From a more class-based perspective, the family has been seen as a social structure whose “happiness” (in the Beechers’ words) depends on the labor of servants; in direct contradiction to Williams’s , however, these servants are prohibited from establishing “relations of private intimacy” with their employers’ families (Beecher and Stowe 1869, 326).
The nineteenth-century invention of the bourgeois family has obscured the history of other familial formations. “Family,” here and elsewhere, often functions as a code word intended to stigmatize the deviant, those who are placed beyond the norm by virtue of their race, sexuality, class, or other social identities.
They both follow and counter the bourgeois family’s prescribed gender roles. Although female, her grandmother is the family’s economic provider yet simultaneously upholds the cult of true womanhood.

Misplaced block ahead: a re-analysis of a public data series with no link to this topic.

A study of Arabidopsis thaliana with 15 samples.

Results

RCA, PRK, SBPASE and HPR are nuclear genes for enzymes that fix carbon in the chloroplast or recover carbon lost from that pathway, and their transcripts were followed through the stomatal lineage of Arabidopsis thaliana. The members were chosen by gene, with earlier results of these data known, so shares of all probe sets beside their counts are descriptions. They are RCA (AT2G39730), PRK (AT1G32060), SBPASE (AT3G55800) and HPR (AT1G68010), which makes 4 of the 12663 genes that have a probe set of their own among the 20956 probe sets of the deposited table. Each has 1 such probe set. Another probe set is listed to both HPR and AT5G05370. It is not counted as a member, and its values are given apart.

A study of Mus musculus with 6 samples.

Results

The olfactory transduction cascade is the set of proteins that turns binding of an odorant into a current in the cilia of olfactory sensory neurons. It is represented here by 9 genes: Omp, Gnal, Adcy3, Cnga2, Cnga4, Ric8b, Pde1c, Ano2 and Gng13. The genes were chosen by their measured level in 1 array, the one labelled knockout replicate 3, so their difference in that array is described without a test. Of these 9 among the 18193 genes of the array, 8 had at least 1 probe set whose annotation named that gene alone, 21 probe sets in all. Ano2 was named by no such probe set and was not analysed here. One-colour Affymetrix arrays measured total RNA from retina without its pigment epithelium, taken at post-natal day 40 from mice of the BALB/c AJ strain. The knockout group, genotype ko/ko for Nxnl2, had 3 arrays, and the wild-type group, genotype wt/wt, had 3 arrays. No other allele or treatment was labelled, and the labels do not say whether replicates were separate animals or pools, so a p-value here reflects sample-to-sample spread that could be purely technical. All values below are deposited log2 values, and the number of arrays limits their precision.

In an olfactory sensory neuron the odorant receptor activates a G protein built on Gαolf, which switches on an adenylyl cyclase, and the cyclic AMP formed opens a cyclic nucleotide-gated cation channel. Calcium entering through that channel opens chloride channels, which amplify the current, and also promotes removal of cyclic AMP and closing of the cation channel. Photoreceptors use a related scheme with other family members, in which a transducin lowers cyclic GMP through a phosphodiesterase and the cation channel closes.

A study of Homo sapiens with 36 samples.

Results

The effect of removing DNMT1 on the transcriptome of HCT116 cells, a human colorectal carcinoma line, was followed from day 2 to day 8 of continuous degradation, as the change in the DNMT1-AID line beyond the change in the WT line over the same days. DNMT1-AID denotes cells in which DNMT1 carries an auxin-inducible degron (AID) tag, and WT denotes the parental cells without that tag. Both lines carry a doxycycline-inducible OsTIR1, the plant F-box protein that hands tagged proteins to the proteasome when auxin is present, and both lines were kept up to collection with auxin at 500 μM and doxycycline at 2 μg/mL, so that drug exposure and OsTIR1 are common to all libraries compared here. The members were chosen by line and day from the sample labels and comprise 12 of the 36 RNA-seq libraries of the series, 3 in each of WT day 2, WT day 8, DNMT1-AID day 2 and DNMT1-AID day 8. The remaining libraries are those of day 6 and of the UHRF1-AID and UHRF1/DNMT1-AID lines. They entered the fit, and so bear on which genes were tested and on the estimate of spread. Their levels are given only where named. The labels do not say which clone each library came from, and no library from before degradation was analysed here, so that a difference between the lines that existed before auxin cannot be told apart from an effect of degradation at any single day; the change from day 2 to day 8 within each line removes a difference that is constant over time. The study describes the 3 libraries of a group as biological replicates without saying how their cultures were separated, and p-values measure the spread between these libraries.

If her adherence to true womanhood is normative, her application of it to slave women is deviant.
Further critiques of the public/private-sphere dichotomy naturalized by bourgeois notions of the family drew from a diverse group of theorists who analyzed the family from different, if overlapping, perspectives.
From a feminist perspective, the family has been viewed as a patriarchal system of sexual and property relations supporting state interests in which the father alone is entitled to property, which includes his wife and children; in contrast, as , the wife is herself property and denied power of ownership.
By the early nineteenth century, work became increasingly separated from household as fathers engaged in “out-door” labor, and the domestic work of mothers became privatized.
This division of labor gave rise to the ideology of separate spheres.
The Beechers’ definition of family suggests additional clusters of keywords.
One is “blood,” “kinship,” and “lineage.” Family members are biologically related through blood (genetic markers), creating kinship ties and linking progenitors to descendants across generations to establish lineage.